Tuesday, December 9, 2008

Smart PR: When You're Bailed Out By Taxpayers, Nix the Partying

Adam Bradbury of Dow Jones Newswires reports that "Citigroup has canceled a Christmas party for London-based staff in its fixed-income division because senior executives in the group decided it would be inappropriate amid ongoing layoffs, a person familiar with the matter said Tuesday.

The cancellation comes after Citigroup announced in November that it plans to shed 52,000 staff worldwide and reduce expenses by 20% in an attempt to weather the global financial crisis and a sharp economic downturn.

It also comes after the bank canned an equities division party, which was due to be held Dec. 3 at London's Cafe de Paris for the same reason.

The fixed-income party was due to be held Dec. 11 at Paper, an exclusive nightclub on Regent Street, in the West End of London, which boasts of a range of celebrity guests such as world champion Formula One driver Lewis Hamilton and actress Keira Knightley.

The event was going to be paid for by the managing directors in the bank's fixed-income division, which include the interest rates, foreign exchange and commodities businesses, the person said.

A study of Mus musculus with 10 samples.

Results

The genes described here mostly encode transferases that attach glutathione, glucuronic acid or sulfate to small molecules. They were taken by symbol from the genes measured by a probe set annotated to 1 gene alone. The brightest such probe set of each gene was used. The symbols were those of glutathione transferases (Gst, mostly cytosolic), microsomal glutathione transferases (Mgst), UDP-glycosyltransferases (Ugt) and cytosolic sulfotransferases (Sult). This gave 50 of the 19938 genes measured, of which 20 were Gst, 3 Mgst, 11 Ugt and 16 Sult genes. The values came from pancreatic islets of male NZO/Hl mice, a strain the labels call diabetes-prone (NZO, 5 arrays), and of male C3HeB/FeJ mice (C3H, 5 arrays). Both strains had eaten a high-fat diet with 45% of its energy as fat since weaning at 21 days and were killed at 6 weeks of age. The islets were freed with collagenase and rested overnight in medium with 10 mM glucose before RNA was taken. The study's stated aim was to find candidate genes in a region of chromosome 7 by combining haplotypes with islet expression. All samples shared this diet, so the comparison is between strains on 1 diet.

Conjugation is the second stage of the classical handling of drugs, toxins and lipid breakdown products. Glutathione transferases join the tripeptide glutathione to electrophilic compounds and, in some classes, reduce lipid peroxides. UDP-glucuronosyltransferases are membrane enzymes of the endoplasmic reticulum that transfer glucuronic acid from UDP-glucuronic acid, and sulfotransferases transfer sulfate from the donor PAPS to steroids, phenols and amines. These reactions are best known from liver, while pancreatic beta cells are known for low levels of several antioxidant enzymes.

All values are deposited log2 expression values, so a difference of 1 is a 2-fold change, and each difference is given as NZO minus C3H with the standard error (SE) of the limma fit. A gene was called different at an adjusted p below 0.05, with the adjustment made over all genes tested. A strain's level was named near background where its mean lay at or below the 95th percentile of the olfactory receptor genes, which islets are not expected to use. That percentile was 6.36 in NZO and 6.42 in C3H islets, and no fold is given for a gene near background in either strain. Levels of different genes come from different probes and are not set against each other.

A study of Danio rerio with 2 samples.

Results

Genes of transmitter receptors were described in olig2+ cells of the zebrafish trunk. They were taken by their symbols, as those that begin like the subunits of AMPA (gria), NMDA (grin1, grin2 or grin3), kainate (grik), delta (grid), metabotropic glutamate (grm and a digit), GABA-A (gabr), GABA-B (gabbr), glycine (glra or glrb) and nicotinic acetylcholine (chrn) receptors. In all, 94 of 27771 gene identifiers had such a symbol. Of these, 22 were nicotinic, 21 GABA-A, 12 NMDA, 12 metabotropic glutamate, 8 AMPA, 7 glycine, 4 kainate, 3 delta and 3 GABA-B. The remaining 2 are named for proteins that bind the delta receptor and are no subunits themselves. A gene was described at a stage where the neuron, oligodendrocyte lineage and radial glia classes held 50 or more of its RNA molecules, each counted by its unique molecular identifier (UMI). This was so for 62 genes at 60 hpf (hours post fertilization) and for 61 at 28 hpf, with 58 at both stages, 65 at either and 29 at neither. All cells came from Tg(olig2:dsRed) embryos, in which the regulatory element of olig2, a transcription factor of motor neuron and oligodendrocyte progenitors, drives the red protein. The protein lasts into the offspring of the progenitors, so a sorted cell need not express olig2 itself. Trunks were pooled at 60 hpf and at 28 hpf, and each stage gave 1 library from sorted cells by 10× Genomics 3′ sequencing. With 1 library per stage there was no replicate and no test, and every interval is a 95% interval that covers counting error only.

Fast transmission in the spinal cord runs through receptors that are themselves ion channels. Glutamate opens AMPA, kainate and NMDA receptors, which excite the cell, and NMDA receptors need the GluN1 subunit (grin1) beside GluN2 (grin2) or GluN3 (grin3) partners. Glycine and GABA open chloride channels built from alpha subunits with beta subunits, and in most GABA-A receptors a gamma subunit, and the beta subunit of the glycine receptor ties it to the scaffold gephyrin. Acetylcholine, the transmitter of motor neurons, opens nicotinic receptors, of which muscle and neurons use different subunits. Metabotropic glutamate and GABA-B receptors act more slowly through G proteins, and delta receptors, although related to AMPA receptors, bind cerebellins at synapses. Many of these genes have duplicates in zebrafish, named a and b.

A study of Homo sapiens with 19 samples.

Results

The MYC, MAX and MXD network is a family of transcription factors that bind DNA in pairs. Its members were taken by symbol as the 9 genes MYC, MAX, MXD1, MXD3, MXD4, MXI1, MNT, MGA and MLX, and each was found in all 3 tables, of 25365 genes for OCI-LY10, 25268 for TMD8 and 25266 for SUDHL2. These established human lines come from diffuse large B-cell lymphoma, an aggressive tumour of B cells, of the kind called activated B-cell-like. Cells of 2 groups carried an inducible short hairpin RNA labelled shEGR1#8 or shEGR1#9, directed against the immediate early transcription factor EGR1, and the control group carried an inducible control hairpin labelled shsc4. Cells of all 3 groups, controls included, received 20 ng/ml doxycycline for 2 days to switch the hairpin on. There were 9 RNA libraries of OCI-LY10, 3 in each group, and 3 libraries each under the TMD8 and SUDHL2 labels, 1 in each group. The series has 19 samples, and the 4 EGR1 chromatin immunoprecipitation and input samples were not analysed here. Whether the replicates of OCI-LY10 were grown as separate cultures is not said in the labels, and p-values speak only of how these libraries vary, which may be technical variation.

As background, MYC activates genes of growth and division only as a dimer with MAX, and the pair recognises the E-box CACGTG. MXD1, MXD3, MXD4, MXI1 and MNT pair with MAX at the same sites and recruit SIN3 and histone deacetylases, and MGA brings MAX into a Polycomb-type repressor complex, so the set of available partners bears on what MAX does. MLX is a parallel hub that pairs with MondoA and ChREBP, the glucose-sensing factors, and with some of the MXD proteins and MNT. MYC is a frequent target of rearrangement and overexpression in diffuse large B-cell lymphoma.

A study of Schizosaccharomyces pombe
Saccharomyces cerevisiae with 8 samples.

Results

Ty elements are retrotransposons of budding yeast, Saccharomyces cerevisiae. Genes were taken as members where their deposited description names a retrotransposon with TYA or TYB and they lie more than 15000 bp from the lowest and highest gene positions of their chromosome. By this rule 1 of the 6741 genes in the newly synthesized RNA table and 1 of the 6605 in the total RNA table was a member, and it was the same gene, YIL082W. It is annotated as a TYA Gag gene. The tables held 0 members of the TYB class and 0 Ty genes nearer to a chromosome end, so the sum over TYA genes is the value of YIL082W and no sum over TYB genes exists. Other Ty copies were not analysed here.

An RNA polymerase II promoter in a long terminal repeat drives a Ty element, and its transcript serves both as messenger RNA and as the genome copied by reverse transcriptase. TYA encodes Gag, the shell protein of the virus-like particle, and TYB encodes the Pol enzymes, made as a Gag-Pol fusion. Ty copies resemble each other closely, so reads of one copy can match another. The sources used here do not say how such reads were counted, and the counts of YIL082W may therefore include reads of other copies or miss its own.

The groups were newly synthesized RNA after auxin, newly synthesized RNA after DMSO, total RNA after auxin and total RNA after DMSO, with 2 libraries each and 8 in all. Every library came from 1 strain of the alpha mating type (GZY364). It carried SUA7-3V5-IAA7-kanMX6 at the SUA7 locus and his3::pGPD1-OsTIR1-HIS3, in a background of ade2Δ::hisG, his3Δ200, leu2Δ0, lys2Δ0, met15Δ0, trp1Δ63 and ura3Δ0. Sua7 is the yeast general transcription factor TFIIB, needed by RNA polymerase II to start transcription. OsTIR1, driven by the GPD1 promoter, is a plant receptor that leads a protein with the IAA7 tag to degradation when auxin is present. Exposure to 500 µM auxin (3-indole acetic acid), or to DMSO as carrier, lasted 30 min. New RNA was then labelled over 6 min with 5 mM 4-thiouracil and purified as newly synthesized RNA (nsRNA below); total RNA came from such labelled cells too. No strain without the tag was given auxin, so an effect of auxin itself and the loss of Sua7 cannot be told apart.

"It was obviously a commitment made a long time ago," said the person familiar with the matter. "Given that (Citigroup) is letting so many people go, the managing directors didn't feel it was right to host a big party for those who are staying so they decided to cancel it."

The Sauce

Good thinking. Bernays Sauce is all for celebrating the season (contact these guys!)--especially in depressing times such as these. However, if a company is laying off thousands and are the recipient of taxpayer largess to bail them out of poor business decisions, then perhaps they need to put down that egg nog and back away...quickly.

It's a no-brainer, but as big corporations have proven lately (see AIG, GM, Ford, etc.) public image is not always a serious consideration, even when they go hat in hand to the people for a rescue.

Disclosure: The writer of this post owns a miniscule amount of stock in Citigroup. Stop laughing.

1 comment:

Anonymous said...

A very smart and necessary move. In addition to the public perception issues, companies must be sensitive to the employee mood during tough financial times. Spending extravagantly on parties, etc. just irritates them. Frankly, many employees would prefer a few extra hours off to spend with family during the holidays rather than a lavish holiday party.